I'm a Victorian freelance writer & photographer living in the Macedon Ranges north of Melbourne.
Published August 11th 2013
If you can stand on the forecourt of Melbourne's Shrine of Remembrance, reflect on what it stands for, and not get a chill up and down your spine I'm sorry, but your veins must be full of ice water.
Sacred ground, Melbourne's Shrine of Remembrance
This truly is sacred ground. But the battle to give Victoria a memorial to the States war dead – what to build, where to build it, perhaps whether or not to build it at all – divided the State and lasted almost twice as long as the war it was to commemorate.
Burning on the forecourt of the Shrine is the Eternal Flame
The proposal for a memorial was first floated almost as soon as World War 1 ended. Proponents included legendary General Sir John Monash, artist Norman Lindsay, the Legacy movement and the AGE newspaper. But fierce opposition was led by publisher and owner of the HERALD newspaper Keith Murdoch. He described the proposed design as 'a tomb of gloom' and argued that the money would be better spent on a memorial hospital or war-widow's home.
Murdoch's supporters included the Labor Government of the day and a significant number of churches who decried the design for its lack of a cross or other Christian symbols.
But Monash persisted and following an outpouring of support on ANZAC Day 1927 the Government finally voted in favor of the Shrine.
Melbourne's magnificent Shrine stands testament to the persistence of the late General Sir John Monash
The foundation was laid on Remembrance Day 1927 and construction commenced in 1928 under the watchful eye of Monash, himself a qualified engineer. Sadly though he never saw the finished building and passed away in 1931, roughly half-way through the construction of the Shrine which was finally completed in September 1934.
On Remembrance Day that year, an incredible crowd of 300,000 people, almost a third of Melbourne's population, turned out to witness the Duke of Gloucester dedicate the Shrine of Remembrance.
Simpson and his donkey, one of many commemorative statues to be found in the gardens the Shrine
Architects based the design of the Shrine on an ancient Mausoleum, Maussollus one of the Seven Wonders of The World, and on the Greek Parthenon. Square, and entered through classic 'porticos' on its southern and northern sides, it's an imposing piece of architecture and an Australian icon set amid manicured gardens and overlooking one of the world's great boulevards, St Kilda Road.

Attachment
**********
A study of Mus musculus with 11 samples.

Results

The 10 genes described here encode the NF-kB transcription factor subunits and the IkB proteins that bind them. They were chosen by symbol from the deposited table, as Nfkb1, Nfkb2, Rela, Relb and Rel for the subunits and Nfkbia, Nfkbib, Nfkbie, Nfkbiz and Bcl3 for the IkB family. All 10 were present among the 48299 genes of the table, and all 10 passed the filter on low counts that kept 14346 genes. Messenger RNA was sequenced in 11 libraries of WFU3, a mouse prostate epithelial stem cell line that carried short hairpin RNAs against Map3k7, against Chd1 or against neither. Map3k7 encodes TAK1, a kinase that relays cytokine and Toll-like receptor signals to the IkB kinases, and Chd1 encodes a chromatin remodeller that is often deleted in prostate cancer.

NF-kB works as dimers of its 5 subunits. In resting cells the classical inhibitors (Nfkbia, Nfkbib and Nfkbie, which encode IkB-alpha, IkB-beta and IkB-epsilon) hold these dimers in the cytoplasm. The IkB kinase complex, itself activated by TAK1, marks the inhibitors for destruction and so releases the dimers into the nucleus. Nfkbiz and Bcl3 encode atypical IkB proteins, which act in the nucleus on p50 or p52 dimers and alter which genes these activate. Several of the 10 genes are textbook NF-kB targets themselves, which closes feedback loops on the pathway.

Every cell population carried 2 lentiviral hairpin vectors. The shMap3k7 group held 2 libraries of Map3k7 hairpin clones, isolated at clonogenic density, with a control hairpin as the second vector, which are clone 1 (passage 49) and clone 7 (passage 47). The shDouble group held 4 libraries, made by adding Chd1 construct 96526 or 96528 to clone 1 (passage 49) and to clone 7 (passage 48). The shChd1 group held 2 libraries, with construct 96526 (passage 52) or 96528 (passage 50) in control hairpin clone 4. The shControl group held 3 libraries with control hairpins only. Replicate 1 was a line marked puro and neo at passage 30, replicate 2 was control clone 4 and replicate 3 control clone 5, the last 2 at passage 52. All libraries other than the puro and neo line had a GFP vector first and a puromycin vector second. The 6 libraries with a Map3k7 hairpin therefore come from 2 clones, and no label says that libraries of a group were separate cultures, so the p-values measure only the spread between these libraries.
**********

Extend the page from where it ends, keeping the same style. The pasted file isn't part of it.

Inside is a high vaulted Sanctuary and within it the Stone of Remembrance, the heart of the Shrine, a piece of marble recessed below the pavement level so that no-one can read the inscription without bowing their head. Bearing the inscription GREATER LOVE HATH NO MAN, the stone was placed so that at exactly 11 AM on the 11th November, the hour and day on which World War 1 ended in 1918, a ray of sunlight shone on the word LOVE. Because of the introduction of Daylight Savings in Victoria it was necessary to install a mirror to reflect the light onto the appropriate spot at 11 AM AEDST.
Originally conceived as a memorial to soldiers from the Great War, WW1, today the Shrine of Remembrance remembers all those Australians lost in all conflicts
Beneath the Sanctuary is the Crypt with its bronze statue of a father & son commemorating the sacrifice of two generations during two world wars. The walls are draped with the colours and battle honours of units of the AIF, the Australian Imperial Force.
Each ANZAC Day the Shrine is the focal point for Melbourne's march and memorial service.
Far grander and much improved from that opened on 11th November 1934, today's Shrine of Remembrance is a meticulously maintained, holy monument dedicated to the generations of young Australian men and women who have given their lives in conflicts world-wide.
If you haven 't had the opportunity to visit Melbourne's Shrine of Remembrance yet you really should make the effort. And if you go to an ANZAC Day Dawn Service, I can promise you an incredibly moving experience.